Trolls are a fact of the Internet, they hide behind their screens and made-up personas, and everyone who administrates a blog or a social media page has to deal with them occasionally. So what’s the best approach? The answer is simpler than you might expect.
Rule number one for businesses that choose to be present on social media is to really be present. There’s no point in having Twitter or Facebook profiles, if you’re not going to be active, start conversations and reply to people’s questions and complaints.
Except when these people are actually trolls.
The word ’troll’ refers to the mythological creature, but it also derives from ‘trolling’, a certain method of fishing, where you lure fish into taking the bait by dragging it through the water. Similarly, the intention of Internet trolls is to lure people into taking the bait, i.e. responding to their unpleasant messages in online communities. This phenomenon is very common on Twitter, where all profiles and tweets are essentially public and accessible to everyone.
Spot the troll
A troll thrives in the anonymity of the Internet, and lives off the attention it gets from its mindless abuse, needling, or even threats of violence. The sole purpose of a troll’s existence is to bully and make you angry, and thus, they often have fake names, fake profile pictures, and very few followers (nobody likes a troll, right?). However, not all negative comments are the work of trolls – in fact, chances are that most of them are genuine complaints, which you should always meet in a friendly tone. So before acting on a negative comment, check the user’s profile to see if it’s real or fake, and to see if you can spot similar comments from the user to other people or companies – this is clear troll-behaviour.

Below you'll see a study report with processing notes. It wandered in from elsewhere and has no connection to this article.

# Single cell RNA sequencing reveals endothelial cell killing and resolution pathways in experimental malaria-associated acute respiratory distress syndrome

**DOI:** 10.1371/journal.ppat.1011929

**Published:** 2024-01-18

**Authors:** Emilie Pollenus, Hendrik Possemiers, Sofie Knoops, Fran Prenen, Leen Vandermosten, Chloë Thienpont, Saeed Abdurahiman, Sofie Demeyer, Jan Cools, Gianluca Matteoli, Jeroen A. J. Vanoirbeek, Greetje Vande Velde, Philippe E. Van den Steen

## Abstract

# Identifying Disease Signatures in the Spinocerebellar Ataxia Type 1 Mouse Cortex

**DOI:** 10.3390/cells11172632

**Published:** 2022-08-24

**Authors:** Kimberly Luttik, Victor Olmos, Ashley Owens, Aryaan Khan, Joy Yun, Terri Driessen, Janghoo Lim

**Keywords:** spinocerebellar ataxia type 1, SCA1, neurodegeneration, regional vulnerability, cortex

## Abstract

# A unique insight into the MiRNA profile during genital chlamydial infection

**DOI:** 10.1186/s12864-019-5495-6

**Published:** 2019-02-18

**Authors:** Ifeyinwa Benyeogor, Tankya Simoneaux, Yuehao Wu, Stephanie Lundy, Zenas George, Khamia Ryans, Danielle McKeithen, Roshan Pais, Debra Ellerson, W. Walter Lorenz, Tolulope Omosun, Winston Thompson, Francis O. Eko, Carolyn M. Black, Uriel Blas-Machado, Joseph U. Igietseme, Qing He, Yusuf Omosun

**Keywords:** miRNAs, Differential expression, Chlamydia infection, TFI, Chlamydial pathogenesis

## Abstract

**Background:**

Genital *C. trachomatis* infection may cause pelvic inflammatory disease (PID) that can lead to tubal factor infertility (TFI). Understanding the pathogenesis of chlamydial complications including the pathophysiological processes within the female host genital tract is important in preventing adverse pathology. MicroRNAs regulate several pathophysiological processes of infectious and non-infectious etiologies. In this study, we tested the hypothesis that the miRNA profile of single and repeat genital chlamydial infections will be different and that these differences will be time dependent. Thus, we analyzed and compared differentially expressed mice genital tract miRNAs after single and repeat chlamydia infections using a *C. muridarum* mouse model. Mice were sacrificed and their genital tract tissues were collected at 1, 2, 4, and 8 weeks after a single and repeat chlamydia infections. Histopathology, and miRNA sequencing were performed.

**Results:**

Ignore the troll
“Don’t feed the trolls” is a popular online saying, and it always, always applies, for two reasons:
First, since trolls feed on attention you can simply ‘starve them out’ of your social media pages by not replying. They will quickly loose interest and go somewhere else.
Second, if they tweet something to you, only their followers will see it – and as mentioned, they usually only count a few. But if you reply, the tweet will be displayed on your main page, feeding the troll exponentially, as you’ve now given them a platform to reach all of your followers.
Some people are reluctant to censure comments, and removing them is generally a bad idea. But trolling is unwelcome on most moderated sites (bullying is a violation of Facebook policy and Twitter has rules against making threats) and you shouldn’t accept it either. Ignore the trolls, delete comments that cross the line, and click those Report Abuse buttons.